Clinical Analytics and HIE: Two Technologies Come Together – Part Three

The Role of HIE in Clinical Analytics

Rodney Hamilton, MD, CMIO, ICA

Read part 1 of this series
Read part 2 of this series

In his rumination about HIMSS12, John Moore also likened the current buzz in clinical analytics to a similar buzz a few years earlier about HIE, when that market was first emerging and bursting at the seams with excitement and promise. Turns out the two may go hand-in-hand and in fact both bolster the effects of the other.

As stated, the problem now isn’t a dearth of clinical data.  The problem is rapidly becoming too much data housed in various and “disparate” storage systems in different formats that are difficult to access and often impossible to align in a usable way for physicians treating patients. Hence the phrase: “messy data.” Many of the elements of HIE have been built to address this quandary. It’s one thing to pull and aggregate usable structured data from rational systems.  It’s another to access combinations of non-structured and discrete data from non-friendly systems with conflicting information and be able to interpret that data in real-time while treating a patient individually, or at a population level, to make broader management decisions.

HIEs now have the ability, through laying down a foundation of interoperability, of accessing, aggregating and exchanging clinical data via the standards-based exchange of continuity of care documents (CCDs) between electronic health records.  Through technology that utilizes integration standards, such as Direct, IHE, HL7, and others, clinicians are able to access exchanged data directly through their EHRs. By aggregating and “normalizing” both the HL7 and CCD content made available to the HIE, the content can be organized and stored in a clinical data repository (CDR). The CDR can then be accessed by other sources such as clinical analytics applications, care management tools, personal health records, alerting and notification applications, etc.

These capabilities and tools form the basis for the access, synthesis and use of structured and unstructured data that will take the exchange of clinical information to the next level.

The Lines Begin to Blur

As such, clinical vendors, even niche vendors, while continuing to expand their HIE and analytics offerings to meet these emerging demands, are finding greater emphasis being placed on population health capabilities and tools that help non-affiliated organizations exchange and analyze both discrete and unstructured information: the line between HIE and clinical analytics is rapidly blurring. These tools must work together to identify, source, translate and analyze the available data.

Hospitals will increasingly require both sets of tools as the exchange of clinical information becomes more ubiquitous, and the demand for accountability becomes more dominant. “Given the demand for greater accountability, delivery organizations will need to use information and data from an increasingly broad community of care partners to help reduce costs and manage quality and outcomes.  Hospitals and health systems will need to exchange data with non-affiliated organizations – and actually use that data to influence care decisions.  Providers will need to be alerted to gaps in care such as overdue tests and procedures, and it will be just as important to understand what services have already been provided so as to avoid duplication.  Simply aggregating patient data from disparate systems across multiple settings of care will not be sufficient; organizations will also need robust analytics tools that can spot trends across a defined population, identify high risk patients, and gauge performance on required metrics.”[1]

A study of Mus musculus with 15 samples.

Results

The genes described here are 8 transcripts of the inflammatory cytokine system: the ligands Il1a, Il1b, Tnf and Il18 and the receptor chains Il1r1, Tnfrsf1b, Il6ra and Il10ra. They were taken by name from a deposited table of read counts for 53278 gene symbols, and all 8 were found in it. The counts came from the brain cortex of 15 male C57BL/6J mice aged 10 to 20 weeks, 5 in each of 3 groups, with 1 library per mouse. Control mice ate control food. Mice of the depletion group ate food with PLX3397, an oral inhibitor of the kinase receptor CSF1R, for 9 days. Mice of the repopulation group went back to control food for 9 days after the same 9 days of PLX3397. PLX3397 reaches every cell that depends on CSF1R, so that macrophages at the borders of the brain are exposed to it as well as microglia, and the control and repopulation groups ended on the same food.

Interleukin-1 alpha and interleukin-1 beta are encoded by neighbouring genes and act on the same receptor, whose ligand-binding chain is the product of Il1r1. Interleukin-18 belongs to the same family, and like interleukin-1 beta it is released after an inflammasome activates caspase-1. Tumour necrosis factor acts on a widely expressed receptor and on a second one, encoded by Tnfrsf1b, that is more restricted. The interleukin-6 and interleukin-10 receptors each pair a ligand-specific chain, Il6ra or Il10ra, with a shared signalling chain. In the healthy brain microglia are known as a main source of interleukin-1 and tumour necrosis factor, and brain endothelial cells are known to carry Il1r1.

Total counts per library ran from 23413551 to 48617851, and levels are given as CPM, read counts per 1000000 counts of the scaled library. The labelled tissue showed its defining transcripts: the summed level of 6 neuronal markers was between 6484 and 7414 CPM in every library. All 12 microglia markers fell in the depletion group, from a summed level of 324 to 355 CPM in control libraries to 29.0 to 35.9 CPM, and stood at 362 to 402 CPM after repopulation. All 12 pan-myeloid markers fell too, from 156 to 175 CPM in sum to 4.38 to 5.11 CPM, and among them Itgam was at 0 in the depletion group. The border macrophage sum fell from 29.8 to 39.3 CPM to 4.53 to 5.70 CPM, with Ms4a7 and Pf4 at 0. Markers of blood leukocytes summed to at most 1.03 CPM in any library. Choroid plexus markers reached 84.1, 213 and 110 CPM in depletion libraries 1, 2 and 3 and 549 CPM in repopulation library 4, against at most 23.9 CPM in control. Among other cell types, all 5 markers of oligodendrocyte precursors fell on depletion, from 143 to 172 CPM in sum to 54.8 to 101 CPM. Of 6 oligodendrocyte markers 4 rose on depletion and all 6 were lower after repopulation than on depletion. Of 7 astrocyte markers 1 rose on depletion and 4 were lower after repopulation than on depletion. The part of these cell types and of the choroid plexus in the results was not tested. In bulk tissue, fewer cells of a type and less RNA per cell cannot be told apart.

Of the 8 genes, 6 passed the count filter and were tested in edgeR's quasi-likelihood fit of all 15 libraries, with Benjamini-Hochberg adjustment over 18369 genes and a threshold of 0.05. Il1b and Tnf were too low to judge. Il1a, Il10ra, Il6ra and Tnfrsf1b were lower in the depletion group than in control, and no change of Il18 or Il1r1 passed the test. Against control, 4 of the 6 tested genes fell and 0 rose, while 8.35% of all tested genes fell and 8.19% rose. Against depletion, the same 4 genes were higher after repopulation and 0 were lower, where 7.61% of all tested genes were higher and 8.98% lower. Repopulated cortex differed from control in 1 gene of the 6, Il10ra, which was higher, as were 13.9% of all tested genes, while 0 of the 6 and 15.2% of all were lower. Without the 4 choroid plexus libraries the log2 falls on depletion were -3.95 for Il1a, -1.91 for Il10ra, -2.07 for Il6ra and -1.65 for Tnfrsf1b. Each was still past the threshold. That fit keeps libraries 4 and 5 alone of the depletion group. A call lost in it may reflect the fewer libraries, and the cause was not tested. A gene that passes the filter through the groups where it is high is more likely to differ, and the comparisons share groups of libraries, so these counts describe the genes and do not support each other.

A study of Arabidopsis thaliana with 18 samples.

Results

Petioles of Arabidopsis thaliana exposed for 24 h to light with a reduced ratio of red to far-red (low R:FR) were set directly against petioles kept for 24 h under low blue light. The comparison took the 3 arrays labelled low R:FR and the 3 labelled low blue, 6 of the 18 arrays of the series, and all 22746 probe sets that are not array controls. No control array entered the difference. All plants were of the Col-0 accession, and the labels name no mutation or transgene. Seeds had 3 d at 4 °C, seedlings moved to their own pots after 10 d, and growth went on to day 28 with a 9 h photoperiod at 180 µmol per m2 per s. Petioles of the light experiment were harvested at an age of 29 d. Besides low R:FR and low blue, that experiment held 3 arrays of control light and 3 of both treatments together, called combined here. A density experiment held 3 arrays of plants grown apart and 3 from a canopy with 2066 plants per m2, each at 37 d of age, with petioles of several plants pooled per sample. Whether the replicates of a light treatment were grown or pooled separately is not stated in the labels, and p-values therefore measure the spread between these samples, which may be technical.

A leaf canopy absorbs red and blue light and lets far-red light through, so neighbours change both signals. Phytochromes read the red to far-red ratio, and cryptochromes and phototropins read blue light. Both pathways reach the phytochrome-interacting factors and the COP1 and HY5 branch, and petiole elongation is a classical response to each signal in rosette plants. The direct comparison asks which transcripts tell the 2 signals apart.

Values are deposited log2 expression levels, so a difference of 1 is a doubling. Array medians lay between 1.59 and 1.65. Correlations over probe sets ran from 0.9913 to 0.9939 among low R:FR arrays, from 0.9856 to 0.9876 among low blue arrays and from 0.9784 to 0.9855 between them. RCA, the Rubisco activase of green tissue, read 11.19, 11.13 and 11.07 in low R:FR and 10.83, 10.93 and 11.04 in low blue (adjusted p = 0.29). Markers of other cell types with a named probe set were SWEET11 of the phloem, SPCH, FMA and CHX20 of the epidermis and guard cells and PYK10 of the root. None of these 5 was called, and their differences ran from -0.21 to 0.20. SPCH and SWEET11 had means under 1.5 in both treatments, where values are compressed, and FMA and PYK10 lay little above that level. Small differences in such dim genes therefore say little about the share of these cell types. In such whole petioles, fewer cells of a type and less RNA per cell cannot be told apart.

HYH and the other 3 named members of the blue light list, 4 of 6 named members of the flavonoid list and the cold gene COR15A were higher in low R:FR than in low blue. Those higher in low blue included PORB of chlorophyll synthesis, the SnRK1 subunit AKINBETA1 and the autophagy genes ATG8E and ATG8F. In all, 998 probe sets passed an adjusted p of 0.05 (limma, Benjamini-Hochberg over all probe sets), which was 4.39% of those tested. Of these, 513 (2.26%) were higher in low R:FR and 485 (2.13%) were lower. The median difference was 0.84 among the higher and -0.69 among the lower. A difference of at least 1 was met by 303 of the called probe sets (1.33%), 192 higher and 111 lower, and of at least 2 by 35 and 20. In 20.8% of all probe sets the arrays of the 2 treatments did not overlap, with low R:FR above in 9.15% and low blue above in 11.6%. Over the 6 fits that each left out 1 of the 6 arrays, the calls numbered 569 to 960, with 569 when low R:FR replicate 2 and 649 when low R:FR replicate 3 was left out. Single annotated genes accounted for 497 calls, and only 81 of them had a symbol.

The common ground of HIE and clinical analytics are data aggregation and storage, normalization, and workflow support and integration, all from a universe of capabilities that drive connectivity, messaging, population health management, predictive analytics and decision support. The blending of HIE and analytics is the inevitable next step on the path toward the seamless exchange of clinical information drawn from often rival organizations using different systems that may house unaligned, incorrect and generally messy data. The power of these technologies together provides a solution that can extract, translate and synthesize that data to turn it into usable clinical information giving physicians and providers the information they need when they need it to improve patient outcomes and reduce costs.  [2]

[1] Jason D. Fortin, “The Imperative for Robust HIE and Analytics Tools”, Healthcare Informatics, September 5, 2012

[2] Jason D. Fortin, “The Imperative for Robust HIE and Analytics Tools”, Healthcare Informatics, September 5, 2012

Rodney Hamilton, MD is the Chief Medical Information Officer at ICA. This blog post was first published on ICA’s HITme Blog.